4 Ways To Stay Involved On Campus and Keep Your Grades Up

You’re finally all settled in to the new dorm room, have met your roommate, mingled with some floor mates, and are organized for the first day of classes. Just as you start to feel a little relaxed, you step outside only to walk right into a club showcase. Everywhere you turn, there’s someone in a bright colored t-shirt handing out flyers about things you’ve never even considered a club: surfing, scrapbooking, dancing and even fencing. In a matter of minutes, your name is on five different sign-up sheets, and you’ve committed to the first meetings of each.

Then class starts. And you suddenly realize, even after much warning, that college classes are actually harder than high school ones. You know you need to commit to more study hours, but can’t bear the thought of dropping knitting club! Here’s how to keep up with extracurriculars, while still maintaining an awesome GPA.

1) Pick your top two extracurriculars: We know, we know. How can you possibly narrow it down to just two?! But remember- school comes first. And while it might seem like a great idea to be as involved as possible, your grades will suffer if you spread yourself too thin. If it’s hard for you to pick out a couple, try to mix and match different interests. For example, if you’re signed up for math club, line dancing and swing dancing club, try dropping swing dancing. You’ll still get to have a great time dancing with friends once a week, and won’t have sacrificed a separate interest, which diversifies your college experience. If it’s still too hard to decide, make a pros and cons list of every club to decide.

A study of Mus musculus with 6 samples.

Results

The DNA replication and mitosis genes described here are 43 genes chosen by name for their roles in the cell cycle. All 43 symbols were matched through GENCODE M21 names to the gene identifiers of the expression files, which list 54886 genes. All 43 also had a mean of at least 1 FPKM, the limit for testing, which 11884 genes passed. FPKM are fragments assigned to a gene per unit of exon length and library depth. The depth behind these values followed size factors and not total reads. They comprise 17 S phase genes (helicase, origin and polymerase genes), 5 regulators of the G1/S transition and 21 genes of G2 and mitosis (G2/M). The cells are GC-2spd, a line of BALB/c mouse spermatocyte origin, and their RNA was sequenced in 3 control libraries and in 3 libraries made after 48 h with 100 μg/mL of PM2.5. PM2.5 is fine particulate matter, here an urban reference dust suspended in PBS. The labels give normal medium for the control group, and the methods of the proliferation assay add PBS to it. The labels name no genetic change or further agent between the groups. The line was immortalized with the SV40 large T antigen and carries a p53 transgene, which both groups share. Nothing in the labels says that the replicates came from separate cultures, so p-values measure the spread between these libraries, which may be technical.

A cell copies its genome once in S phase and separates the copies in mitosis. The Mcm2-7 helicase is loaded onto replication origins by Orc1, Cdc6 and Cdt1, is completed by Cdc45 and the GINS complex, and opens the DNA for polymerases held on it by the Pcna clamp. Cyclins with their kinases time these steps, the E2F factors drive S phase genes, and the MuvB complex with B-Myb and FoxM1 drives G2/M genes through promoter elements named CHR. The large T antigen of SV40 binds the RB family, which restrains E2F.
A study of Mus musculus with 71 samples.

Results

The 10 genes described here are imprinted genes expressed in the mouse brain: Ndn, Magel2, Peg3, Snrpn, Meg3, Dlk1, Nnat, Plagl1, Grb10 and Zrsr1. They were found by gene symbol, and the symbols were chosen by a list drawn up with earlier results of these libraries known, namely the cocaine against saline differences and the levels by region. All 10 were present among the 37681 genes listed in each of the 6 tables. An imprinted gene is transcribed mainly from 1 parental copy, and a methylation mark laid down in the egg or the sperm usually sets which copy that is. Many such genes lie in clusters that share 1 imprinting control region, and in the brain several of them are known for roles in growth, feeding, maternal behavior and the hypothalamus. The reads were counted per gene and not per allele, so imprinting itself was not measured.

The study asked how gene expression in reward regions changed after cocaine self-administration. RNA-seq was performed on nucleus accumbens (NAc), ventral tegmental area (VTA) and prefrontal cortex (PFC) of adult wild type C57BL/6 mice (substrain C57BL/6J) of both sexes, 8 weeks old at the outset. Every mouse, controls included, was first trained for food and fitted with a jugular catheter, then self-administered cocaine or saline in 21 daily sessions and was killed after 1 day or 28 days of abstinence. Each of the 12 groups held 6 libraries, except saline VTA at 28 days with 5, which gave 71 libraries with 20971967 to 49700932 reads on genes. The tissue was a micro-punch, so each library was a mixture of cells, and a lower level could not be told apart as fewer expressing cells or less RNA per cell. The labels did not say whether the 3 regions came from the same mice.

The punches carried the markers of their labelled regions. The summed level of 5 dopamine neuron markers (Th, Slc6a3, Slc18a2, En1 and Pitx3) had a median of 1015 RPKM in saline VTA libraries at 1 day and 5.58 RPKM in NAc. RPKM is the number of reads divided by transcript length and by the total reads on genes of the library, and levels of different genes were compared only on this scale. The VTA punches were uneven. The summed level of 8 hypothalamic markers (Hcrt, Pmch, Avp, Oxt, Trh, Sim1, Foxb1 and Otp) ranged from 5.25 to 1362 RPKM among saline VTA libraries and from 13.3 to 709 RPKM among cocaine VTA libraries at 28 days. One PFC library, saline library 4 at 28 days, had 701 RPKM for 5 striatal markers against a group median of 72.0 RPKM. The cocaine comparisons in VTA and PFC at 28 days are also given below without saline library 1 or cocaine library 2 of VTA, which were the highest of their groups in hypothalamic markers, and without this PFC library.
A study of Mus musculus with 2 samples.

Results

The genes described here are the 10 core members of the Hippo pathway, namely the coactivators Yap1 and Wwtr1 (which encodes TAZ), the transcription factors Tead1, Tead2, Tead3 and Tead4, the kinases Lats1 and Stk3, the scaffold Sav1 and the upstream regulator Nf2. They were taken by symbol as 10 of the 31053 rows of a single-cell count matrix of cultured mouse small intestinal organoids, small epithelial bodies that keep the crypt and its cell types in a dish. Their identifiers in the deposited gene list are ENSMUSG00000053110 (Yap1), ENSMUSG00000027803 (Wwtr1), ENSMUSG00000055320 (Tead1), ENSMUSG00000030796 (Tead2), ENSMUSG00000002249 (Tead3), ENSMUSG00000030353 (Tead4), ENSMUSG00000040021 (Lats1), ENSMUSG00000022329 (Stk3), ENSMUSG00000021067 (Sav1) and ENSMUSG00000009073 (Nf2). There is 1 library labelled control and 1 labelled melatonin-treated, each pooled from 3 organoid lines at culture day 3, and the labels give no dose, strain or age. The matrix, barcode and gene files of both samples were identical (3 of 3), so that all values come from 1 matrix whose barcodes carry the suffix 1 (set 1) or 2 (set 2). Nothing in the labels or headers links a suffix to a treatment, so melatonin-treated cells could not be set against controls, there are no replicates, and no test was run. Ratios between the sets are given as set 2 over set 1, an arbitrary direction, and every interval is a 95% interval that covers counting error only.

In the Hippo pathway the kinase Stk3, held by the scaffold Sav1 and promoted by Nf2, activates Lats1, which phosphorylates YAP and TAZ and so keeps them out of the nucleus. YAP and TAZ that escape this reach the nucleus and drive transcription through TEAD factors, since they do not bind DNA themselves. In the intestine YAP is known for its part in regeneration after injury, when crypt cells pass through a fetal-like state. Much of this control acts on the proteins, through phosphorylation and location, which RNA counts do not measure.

2) Consider academic clubs: A great way to kill two birds with one stone is to join a club that promotes good grades. Try to find a club with students of similar majors or classes, who will be able to sympathize with you about a tough professor, get together for study groups and encourage you to get more involved with your major. Academic clubs don’t just have to be about homework either – most clubs have get-togethers for fun study breaks too. By meeting people with similar academic interests, you’ll be setting yourself up for a great four years surrounded by people who will advance your educational and social calendar.

3) Run for a smaller position: You might be tempted to be run for an important position when elections come around, but if you’re worried about staying focused on school, think twice before applying. But if you want to stay in the loop with club happenings and feel like you’re an integral part of the team, try running for a smaller position. Most clubs go beyond the standard president, vice president or secretary kind of jobs. Run for website chair, or get on a committee. You’ll still be involved with all your club’s activities without such a huge time commitment.

4) Learn to manage your time: Time management is probably the most important skill to have if you want to be involved in multiple activities on top of school. Buy yourself a planner, and block out times for class, club meetings and various events. But don’t forget to schedule in some homework time too! Setting aside specific times for schoolwork will help you remember that it’s still an important part of a busy schedule, and it’ll help you to not spread yourself too thin. Writing everything down will also help you to see if you’re giving yourself too much to do, as you will easily see where most of your time is going (hint: it should mostly be to school!) Learning time management skills now will help you all throughout life.


Kimberly Taylor

Kimberly Taylor is a senior at Cal Poly, San Luis Obispo pursuing a degree in journalism with a concentration in public relations. At school, she enjoys her job working for the university's Academic Skills Center, taking part in social and charity events with her sorority, or just reading a book in the sunshine. Outside of school, she enjoys travel, learning to cook, catching up on her favorite TV shows and exploring her coastal college town.